This Space Shuttle's Jet Nozzle Cooling System is surprisingly simple
On just about every machine with an engine, people tend to get incredibly distracted by making power and often that leads other systems to be ignored that are also just as important. One of the systems in question that I’m talking about here is the cooling system. Believe it or not, keeping your engine cool is just as important as keeping it running. Not only will maintaining a healthy operating temperature create less friction in order to eliminate wear and tear, but it will also help your engine run more efficiently, giving you more bang for your buck.
Now, under the hood isn’t the only place we’re keeping cool is essential. While your car’s engine might heat up to a couple of hundred degrees before things start going awry, a space shuttle’s jet nozzle can rise to 6000°F. Even with the advanced technology and materials that these guys are using on such machines, all of that heat will begin to melt the metal in place and as you can probably imagine, a melted engine isn’t one that ends up being very useful.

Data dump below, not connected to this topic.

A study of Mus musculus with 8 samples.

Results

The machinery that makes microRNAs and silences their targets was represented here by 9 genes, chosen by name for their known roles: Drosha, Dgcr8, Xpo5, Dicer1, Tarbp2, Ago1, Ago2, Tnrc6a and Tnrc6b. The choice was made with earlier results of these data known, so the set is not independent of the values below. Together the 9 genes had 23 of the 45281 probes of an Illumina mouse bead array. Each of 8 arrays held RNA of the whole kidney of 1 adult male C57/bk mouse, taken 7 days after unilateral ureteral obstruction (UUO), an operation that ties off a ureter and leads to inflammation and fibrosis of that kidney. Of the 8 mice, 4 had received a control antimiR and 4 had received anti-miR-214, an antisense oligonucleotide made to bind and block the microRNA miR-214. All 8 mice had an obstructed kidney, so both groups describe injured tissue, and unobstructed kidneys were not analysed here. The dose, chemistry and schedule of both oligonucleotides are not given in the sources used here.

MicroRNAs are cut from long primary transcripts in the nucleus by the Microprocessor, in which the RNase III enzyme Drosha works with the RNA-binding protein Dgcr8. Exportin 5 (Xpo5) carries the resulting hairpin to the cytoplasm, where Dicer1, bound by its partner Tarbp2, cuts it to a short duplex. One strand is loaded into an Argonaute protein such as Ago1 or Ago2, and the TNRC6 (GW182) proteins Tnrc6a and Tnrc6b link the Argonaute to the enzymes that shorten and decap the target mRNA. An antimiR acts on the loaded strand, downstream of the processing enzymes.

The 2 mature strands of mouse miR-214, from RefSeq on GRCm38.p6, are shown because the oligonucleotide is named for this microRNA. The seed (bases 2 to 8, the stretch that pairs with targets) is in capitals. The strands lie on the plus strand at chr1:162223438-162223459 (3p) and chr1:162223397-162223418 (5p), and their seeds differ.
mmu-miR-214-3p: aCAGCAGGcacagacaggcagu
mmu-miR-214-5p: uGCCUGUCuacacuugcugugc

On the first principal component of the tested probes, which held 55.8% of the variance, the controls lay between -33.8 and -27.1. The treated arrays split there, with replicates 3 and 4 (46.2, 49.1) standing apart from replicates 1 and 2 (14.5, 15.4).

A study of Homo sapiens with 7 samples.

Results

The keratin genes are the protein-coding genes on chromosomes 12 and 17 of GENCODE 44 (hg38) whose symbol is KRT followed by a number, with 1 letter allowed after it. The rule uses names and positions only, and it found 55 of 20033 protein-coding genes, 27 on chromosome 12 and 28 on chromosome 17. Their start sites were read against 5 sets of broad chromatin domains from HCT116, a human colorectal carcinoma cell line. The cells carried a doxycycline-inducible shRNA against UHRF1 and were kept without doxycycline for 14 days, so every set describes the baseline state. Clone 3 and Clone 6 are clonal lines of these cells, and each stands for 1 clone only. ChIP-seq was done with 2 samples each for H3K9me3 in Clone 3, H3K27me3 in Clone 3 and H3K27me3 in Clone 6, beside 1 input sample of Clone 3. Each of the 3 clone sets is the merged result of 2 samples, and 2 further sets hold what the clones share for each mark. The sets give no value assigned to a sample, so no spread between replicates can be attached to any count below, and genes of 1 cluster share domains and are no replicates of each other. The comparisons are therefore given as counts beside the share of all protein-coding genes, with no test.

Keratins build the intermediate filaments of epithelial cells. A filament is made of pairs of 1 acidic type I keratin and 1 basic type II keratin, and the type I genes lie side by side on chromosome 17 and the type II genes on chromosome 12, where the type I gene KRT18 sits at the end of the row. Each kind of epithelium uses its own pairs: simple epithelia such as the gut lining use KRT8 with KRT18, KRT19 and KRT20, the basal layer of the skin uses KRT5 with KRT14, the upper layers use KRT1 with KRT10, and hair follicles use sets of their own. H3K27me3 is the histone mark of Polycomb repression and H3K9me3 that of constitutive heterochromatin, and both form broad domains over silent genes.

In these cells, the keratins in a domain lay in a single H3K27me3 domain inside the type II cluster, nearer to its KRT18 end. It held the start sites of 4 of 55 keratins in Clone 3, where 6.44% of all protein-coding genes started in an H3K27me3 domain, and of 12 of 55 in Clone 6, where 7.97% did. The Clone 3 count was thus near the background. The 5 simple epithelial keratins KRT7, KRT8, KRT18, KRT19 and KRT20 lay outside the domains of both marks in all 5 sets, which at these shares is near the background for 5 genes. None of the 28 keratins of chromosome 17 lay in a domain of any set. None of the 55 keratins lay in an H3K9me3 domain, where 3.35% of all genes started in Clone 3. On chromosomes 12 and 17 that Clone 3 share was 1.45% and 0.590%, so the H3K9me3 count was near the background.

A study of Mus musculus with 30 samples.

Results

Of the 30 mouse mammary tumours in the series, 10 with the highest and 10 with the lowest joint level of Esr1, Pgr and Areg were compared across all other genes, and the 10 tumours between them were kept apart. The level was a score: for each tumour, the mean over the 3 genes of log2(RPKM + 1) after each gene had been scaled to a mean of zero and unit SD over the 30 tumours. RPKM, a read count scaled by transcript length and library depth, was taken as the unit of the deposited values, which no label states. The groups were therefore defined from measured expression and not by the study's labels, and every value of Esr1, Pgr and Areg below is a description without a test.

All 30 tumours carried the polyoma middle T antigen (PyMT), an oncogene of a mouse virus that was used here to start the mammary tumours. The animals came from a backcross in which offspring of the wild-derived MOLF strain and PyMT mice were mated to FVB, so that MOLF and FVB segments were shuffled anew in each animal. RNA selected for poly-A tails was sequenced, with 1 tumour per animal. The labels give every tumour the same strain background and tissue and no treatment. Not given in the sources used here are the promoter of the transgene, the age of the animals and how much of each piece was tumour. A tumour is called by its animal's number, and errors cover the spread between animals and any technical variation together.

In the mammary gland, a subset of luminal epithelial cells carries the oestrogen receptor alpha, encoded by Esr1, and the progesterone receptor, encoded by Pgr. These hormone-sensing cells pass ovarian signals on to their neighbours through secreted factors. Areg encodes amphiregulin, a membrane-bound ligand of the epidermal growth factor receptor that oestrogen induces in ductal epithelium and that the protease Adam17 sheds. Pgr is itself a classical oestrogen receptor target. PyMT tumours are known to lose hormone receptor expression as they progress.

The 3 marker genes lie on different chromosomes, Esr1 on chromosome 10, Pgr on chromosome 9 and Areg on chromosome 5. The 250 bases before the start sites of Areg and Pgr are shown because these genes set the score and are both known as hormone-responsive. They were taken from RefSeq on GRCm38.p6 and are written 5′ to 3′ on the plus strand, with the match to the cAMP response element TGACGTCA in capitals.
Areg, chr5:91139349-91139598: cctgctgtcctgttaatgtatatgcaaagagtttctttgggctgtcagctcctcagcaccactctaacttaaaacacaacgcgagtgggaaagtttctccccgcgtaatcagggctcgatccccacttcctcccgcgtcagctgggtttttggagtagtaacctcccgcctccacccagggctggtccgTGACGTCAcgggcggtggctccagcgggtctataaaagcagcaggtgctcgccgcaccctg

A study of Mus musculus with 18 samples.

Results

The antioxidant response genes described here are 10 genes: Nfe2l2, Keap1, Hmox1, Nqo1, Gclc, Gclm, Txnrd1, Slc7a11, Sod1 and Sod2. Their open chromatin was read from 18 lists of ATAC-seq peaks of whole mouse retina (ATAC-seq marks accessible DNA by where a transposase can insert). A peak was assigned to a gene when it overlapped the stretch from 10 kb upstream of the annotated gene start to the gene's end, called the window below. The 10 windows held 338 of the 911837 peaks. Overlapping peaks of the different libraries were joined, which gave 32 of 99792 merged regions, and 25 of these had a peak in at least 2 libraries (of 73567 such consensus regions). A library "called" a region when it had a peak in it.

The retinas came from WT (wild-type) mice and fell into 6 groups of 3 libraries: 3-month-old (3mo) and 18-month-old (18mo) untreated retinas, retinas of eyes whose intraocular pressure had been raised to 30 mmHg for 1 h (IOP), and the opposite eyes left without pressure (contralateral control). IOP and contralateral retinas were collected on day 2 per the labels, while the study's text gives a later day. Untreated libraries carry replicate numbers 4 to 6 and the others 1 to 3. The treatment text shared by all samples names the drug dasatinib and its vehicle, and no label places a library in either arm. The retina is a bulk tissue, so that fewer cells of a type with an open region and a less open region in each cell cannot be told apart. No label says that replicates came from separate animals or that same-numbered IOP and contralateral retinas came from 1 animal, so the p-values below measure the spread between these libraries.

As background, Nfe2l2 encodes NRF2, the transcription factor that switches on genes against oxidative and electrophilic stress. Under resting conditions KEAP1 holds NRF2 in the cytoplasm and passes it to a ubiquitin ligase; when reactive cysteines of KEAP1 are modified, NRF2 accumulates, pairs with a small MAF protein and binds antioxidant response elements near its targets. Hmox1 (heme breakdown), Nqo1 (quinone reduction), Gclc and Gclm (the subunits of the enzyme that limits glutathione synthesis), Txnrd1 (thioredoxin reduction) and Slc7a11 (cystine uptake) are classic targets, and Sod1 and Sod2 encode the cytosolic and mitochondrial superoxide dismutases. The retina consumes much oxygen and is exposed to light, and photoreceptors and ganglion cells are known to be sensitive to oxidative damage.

What kind of equipment is used to keep the engine cool in such an advanced application? Well, this time, Richard Hammond takes it upon himself to attempt to explain the engineering behind the entire process and when you get down to the nuts and bolts, it might not be all that different from various cooling systems that you’re used to seeing in regular applications.
Be sure to check out the video below as Richard gives us the rundown of exactly how that 6000° setup is cooled down to a temperature where it won’t begin to melt itself and will provide optimal performance because, in a situation like this, every last bit of performance counts. This is really a life or death matter that we’re talking about here!